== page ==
Comparative Negligence in New Mexico

You can collect damages under New Mexico’s comparative negligence law unless you’re found 100% at fault.
Written by Melanie Johnson
Reviewed by Kathleen Flear
New Mexico
is a pure comparative negligence state, which means you may collect damages from an accident in which you were partially at fault—but not if you were 100% at fault.
As soon as an accident happens, the process of determining fault begins. Comparative negligence comes into play when both or multiple parties in an accident share some percentage of fault. 
Comparative negligence laws vary from state to state, so it’s important to stay informed. We'll guide you through comparative negligence laws in New Mexico: what they are, how they could affect you, and what the insurance claims process for them is like. 

What is comparative negligence?

Comparative negligence is the legal principle that allows for an injured party to collect damages in an accident proportionate to their percentage of fault.
What does this mean? If you are in a collision with another driver and found to be 40% at fault, you may be able to collect 60% of damages from the other driver’s insurance company. You will be expected to pay 40% of the other driver’s damages.
Comparative negligence applies to insurance claims and personal injury lawsuits. For an insurance claim, a claims adjuster will investigate and determine the fault assigned to drivers. In a comparative negligence lawsuit, a judge or a jury will determine each driver’s percentage of fault in an accident. 

Comparative negligence vs. contributory negligence

The three types of comparative negligence that are recognized across the country are pure comparative negligence, partial or modified comparative negligence, and contributory negligence. 
States vary on which type they uphold.
  • Pure comparative negligence: The injured party can collect damages proportionate to their percentage of fault—unless they are 100% at fault.
  • Partial/modified comparative negligence: The injured party can collect damages proportionate to their percentage of fault—unless it is higher than 50 or 51% (depending on the state).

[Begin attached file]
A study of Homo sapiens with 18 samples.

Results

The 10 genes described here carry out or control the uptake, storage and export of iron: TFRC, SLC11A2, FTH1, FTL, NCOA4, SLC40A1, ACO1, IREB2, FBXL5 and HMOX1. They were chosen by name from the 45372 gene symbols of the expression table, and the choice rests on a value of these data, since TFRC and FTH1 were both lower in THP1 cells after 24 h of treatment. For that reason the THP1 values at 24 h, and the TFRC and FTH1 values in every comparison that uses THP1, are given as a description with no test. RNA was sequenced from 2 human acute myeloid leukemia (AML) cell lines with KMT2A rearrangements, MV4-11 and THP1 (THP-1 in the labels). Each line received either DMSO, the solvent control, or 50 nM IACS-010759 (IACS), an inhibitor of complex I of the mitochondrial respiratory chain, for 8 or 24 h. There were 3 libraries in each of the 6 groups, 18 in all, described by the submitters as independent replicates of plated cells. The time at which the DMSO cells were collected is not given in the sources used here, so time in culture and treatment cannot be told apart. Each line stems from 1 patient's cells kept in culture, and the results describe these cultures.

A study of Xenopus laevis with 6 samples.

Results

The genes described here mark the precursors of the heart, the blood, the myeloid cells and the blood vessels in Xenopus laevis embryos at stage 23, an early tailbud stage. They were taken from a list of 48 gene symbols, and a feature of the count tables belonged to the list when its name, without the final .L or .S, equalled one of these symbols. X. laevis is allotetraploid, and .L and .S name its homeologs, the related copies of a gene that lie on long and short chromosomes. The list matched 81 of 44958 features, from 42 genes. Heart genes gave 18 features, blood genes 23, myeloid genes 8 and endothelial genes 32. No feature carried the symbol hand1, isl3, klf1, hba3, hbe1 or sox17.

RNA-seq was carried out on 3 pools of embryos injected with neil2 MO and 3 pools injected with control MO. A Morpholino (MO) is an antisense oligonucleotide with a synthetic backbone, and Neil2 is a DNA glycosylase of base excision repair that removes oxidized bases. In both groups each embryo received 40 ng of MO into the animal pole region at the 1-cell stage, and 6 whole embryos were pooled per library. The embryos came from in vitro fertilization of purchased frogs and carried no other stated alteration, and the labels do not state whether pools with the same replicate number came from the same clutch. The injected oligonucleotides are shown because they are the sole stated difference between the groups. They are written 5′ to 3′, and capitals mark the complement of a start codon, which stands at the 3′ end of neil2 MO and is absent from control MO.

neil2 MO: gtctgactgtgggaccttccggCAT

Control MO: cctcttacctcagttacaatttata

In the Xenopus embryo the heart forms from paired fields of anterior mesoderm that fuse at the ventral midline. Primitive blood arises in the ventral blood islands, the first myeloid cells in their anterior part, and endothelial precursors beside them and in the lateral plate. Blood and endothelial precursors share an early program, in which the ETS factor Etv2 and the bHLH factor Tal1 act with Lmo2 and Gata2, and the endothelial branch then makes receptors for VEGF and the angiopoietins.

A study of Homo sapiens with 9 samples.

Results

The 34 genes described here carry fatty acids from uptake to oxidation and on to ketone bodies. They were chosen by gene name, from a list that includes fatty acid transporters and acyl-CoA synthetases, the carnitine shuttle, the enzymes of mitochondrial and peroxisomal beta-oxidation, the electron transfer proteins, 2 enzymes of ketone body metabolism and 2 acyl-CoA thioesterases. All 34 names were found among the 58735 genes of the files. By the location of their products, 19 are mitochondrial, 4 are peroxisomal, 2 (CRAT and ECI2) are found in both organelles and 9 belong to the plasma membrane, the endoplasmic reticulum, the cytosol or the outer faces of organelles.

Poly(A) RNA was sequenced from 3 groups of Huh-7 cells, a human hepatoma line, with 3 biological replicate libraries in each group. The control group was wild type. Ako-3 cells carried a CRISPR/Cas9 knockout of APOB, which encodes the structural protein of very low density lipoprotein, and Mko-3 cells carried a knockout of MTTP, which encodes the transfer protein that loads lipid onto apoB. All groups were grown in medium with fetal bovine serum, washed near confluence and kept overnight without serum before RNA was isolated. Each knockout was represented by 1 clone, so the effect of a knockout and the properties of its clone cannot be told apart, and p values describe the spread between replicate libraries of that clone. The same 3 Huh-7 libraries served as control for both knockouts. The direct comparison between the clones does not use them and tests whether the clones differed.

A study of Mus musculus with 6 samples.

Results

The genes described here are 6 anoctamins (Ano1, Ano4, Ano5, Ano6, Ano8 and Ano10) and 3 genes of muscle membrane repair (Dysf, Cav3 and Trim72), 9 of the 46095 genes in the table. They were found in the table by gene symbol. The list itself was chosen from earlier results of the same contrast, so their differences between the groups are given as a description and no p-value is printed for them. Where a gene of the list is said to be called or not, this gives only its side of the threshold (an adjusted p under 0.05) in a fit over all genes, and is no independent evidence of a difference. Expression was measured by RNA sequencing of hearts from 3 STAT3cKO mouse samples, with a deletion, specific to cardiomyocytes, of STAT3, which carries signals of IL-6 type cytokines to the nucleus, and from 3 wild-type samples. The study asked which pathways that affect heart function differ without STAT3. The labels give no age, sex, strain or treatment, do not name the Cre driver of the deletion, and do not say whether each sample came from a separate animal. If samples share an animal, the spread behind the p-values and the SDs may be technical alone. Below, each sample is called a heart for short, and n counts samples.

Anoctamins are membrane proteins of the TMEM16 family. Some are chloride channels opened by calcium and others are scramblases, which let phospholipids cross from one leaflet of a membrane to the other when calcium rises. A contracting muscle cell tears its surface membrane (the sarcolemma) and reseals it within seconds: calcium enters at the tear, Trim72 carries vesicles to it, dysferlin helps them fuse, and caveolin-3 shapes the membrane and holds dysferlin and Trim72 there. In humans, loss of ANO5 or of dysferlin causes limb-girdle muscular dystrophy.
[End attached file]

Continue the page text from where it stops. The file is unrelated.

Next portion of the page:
• Contributory negligence: The injured party cannot collect damages if they have any percentage of fault. 
Thirty-three states uphold modified comparative negligence, while 12 uphold pure comparative negligence. Only five recognize contributory negligence. 

What is New Mexico’s comparative negligence law? 

New Mexico is one of only 12 pure comparative negligence states in the U.S. Per New Mexico law, you are able to collect damages from an accident even if you are 99% at fault in that accident.
If you are 99% at fault, your insurance will be responsible for paying 99% of the other driver’s injury and damage costs. The other driver’s insurance is responsible for 1% of your injury and damage costs from the accident. 

What happens if there are more than two responsible parties? 

In the event there are more than two responsible parties in an accident, the fault will be split among all responsible parties. It must add up to a total of 100%.

How is fault decided in a comparative negligence case?

Fault is determined by insurance companies after reviewing police reports and talking with the involved parties to piece together what happened at the accident site.
To accurately assign fault, insurance companies will consider:
  • The positioning of the vehicles in the accident
  • The circumstances of the collision
  • Witness testimony, if available
  • Photographic evidence
  • Video surveillance (e.g.,
    red light camera
Should a comparative negligence case go to trial, this information will be used to help the court determine fault.

How does car insurance work with comparative negligence? 

Since New Mexico is a pure comparative negligence state, you may file a claim with another driver’s insurance company even if you were 99% at fault in an accident. You’ll be able to collect damages according to the other driver’s proportion of fault.
In a practical example, let’s say you were
texting while driving
and another car hit you. You saw the car coming but weren’t able to react in time because you were on your phone.
An insurance claims adjuster or court finds the other driver 60% at fault for hitting you and deems you 40% at fault. They argue that had you not been involved in negligent behavior (i.e., texting), you could have taken evasive action to avoid the other driver. 
In this scenario, you would be able to collect 60% of damages to your vehicle from this accident. If the cost to repair your car is $1,500, the other driver would be responsible for paying 60% of that—$900. You would be expected to pay the remaining $600.
was spot on. I’m young with one rear end on my record. Still, they dropped my monthly insurance rate from $468 to $250. This really saved me money.” —Jason M.